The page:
Utilizing Census Returns
Census returns can be very valuable tools in tracking down our ancestors. For instance, the first census in the United Kingdom took place in 1801, with a census retaken every 10 years since then. There was one lapse in this cycle, 1941 was missed due to World War II. The very first censuses were nothing more than a count of total people, with personal details not being recorded until 1841. Since then, census has been fine tuned to ensure a comprehensive count and informative detail.
What is a Census?
The UK census is actually a survey of people residing in individual households or institutions (hospitals, prisons, elderly homes etc.) throughout the United Kingdom on a specific night. A standard form of information is issued to the head of each household or institution who records accurate details of each resident before returning the forms to the Census Bureau. The information the census requires is:
- Each residents full name
- Precise age of each person residing there
- Their marital status
- The relationship to the head of the household
- Place of Birth
- Medical disabilities
- Language spoken
People are encouraged to divulge true and accurate information by keeping the census records sealed for 100 years. When they are opened however, they can reveal a wealth of valuable genealogy information.
A census return is pretty much a snapshot of your family a hundred years ago. You can find new members of your family, verify their ages and other dates, and you can gain insight into their occupations and general health. You can also visualize what happened in the intervening years, though it is wise not to interpret too much. Beware of things like babies with the same name etc., they could be duplicates.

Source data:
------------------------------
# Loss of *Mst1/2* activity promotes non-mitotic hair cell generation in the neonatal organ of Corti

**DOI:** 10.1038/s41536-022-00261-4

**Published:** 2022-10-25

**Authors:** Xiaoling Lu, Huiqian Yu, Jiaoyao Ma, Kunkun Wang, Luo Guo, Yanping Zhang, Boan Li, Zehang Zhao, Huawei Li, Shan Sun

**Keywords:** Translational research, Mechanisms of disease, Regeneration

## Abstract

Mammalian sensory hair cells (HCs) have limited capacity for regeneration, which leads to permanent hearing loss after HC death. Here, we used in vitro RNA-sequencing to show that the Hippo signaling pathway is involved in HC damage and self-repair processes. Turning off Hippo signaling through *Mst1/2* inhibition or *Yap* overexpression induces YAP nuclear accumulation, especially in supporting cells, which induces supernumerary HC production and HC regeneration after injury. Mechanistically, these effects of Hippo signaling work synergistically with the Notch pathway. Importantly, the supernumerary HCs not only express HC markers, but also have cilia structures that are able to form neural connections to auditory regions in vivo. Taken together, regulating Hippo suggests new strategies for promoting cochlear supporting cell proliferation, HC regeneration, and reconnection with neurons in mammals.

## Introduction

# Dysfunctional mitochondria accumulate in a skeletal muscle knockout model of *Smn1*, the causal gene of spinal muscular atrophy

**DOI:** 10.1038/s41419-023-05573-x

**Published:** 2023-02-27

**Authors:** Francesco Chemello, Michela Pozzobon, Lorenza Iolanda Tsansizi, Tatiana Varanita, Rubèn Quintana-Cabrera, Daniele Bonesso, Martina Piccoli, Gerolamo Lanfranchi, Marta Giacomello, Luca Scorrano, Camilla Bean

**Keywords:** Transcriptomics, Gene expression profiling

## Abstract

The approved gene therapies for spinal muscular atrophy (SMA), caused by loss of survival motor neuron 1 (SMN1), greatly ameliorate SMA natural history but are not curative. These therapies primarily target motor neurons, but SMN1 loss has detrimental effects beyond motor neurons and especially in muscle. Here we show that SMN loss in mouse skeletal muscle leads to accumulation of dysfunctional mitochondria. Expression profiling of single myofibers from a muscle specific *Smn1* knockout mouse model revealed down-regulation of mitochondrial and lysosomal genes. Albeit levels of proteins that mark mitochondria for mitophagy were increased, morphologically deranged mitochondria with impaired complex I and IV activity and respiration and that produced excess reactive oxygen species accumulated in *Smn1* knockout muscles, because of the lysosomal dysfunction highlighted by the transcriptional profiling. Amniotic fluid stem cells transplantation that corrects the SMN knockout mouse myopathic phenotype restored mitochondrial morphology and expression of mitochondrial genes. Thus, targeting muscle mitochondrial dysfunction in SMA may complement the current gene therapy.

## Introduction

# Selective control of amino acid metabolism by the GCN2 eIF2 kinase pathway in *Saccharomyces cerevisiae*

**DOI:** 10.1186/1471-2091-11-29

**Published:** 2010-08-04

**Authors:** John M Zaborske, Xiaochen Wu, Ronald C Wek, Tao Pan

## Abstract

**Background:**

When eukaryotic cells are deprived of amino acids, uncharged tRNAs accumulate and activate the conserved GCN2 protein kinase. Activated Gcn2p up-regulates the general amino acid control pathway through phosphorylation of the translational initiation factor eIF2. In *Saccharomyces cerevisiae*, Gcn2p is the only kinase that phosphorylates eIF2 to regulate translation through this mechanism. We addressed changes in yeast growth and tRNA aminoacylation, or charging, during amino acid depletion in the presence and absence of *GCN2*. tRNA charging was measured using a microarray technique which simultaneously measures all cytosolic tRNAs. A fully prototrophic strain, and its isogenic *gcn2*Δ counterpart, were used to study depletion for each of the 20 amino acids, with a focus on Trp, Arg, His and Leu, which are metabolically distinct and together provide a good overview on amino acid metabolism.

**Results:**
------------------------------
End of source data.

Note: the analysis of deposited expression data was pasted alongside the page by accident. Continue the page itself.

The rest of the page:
How Do I know Which Census to Use?
Census returns are organized according to the districts or areas in which the collection of information was done. Fortunately the original records are available on microfilm to ensure length of life, to find your ancestor though could be tricky. First you must find the exact reference for the microfilm where your ancestor's return is located. There are four recommended ways of doing so:
- Searching a name index. The most recent census available would be 1901, which would have a comprehensive name index. Census records before 1851 would not have many details. You can search the National Archives online here http://www.census.nationalarchives.ie/
- If your surname is not on the name index, but you know the village name where your ancestor lived, you can quickly find the surname within the town records.
- If you have a precise address, you can quickly find the census records within the town.
- If you don’t have a village name or precise address, you can search by county. Each county will have a name index compiled for each census taken within it.
Basically the more information you have on your ancestors, the more quickly you can locate them. However, sometimes the tedious and meticulous search of these records will reveal only a glimmer of insight into your family history. Don't be discouraged. One small bit of information can start your family tree sprouting like you wouldn't believe!